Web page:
CHICAGO (AP) — The Illinois attorney general filed a lawsuit Wednesday accusing Standard & Poor's of misleading investors by assigning its highest ratings to risky mortgage-backed investments during the years leading up to the crash of the housing market.
The lawsuit from Lisa Madigan's office alleges the agency compromised its independence by issuing high ratings for unworthy or risky investments as part of a strategy to boost revenue and market share. The lawsuit cites internal emails and conversations, including an instant messenger exchange in April 2007 in which an employee tells another that an investment "could be structured by cows and we would rate it."
"Publically, S&P took every opportunity to proclaim their analyses and ratings as independent, objective and free from its desire for revenue," Madigan said. "Yet privately, S&P abandoned its principles and instead used every trick possible to give deals high ratings in order to retain clients and generate revenue."
Madigan's lawsuit singled out mortgage-backed securities, saying Standard & Poor's misrepresented the risks by giving the investments its highest rating of AAA.
A spokesman for Standard and Poor's rejected the claims.
"The case is without merit, and we will defend ourselves vigorously," said David Wargin.
A spokeswoman for Madigan, Robyn Ziegler, said the attorney general began investigating Standard & Poor's in early 2010. The probe is continuing, but Madigan determined that it had progressed enough to file the suit, Ziegler said. Madigan previously had been involved in discriminatory-lending lawsuits against Bank of America subsidiary Countrywide Financial Corp. and Wells Fargo.
The financial products singled out in the Standard & Poor's lawsuit involve the bundling of a pool of mortgages that are then sold as securities. They are backed by residential mortgages, including the subprime mortgages that have been blamed for much of the economic turmoil set off by the housing crash in 2007 and 2008.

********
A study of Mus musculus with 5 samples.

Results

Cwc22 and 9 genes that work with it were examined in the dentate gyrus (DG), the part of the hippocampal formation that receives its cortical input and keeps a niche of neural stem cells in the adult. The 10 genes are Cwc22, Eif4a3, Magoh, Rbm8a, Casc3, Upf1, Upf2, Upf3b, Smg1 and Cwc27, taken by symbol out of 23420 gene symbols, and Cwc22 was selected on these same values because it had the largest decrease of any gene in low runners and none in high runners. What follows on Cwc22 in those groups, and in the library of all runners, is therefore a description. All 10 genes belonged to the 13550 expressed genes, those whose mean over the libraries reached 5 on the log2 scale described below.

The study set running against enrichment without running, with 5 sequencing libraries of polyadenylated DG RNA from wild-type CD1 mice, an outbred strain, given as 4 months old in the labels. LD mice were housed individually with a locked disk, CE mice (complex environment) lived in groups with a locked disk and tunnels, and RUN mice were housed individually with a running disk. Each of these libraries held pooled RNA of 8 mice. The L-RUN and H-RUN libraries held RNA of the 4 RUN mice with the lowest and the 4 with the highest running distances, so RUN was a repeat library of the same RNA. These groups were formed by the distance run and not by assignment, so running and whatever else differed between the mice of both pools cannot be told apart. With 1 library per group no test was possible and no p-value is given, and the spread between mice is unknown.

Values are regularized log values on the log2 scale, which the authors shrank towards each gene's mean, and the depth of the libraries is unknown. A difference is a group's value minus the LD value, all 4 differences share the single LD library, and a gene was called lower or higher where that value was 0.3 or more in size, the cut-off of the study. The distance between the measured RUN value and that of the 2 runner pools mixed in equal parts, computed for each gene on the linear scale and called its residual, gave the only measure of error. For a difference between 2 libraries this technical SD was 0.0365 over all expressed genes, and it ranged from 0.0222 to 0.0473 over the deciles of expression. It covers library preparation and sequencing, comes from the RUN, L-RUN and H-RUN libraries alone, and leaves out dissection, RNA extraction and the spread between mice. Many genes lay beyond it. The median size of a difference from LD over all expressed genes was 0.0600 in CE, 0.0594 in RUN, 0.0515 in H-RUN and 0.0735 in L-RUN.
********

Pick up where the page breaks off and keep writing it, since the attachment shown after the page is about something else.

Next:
Madigan's lawsuit said the S&P ignored the risks of those securities in giving them ratings that were favorable to the agency's investment bank clients and its own profits.
The performance of those investments had a significant impact on institutional investors in Illinois, including pension funds and 401(k) managers, the lawsuit said.
"The mortgage-backed securities that helped our market soar — and ultimately crash — could not have been purchased by most investors without S&P's seal of approval," Madigan said.
The lawsuit also cites testimony before Congress by a former managing director of the ratings agency who said "profits were running the show."
Madigan has also targeted mortgage lenders she accuses of having preyed on home owners.
Her office filed suit against Bank of America subsidiary Countrywide Financial Corp. in 2010. In that suit, Madigan accused Countrywide of consistently selling African-American and Hispanic borrowers riskier loans at a higher cost than it sold to white borrowers with similar credit ratings.
In December, the U.S. Department of Justice announced a settlement of $335 million with Bank of America that stemmed from that lawsuit.
Madigan is pursuing a similar lawsuit against Wells Fargo, which she also accuses of discriminatory lending.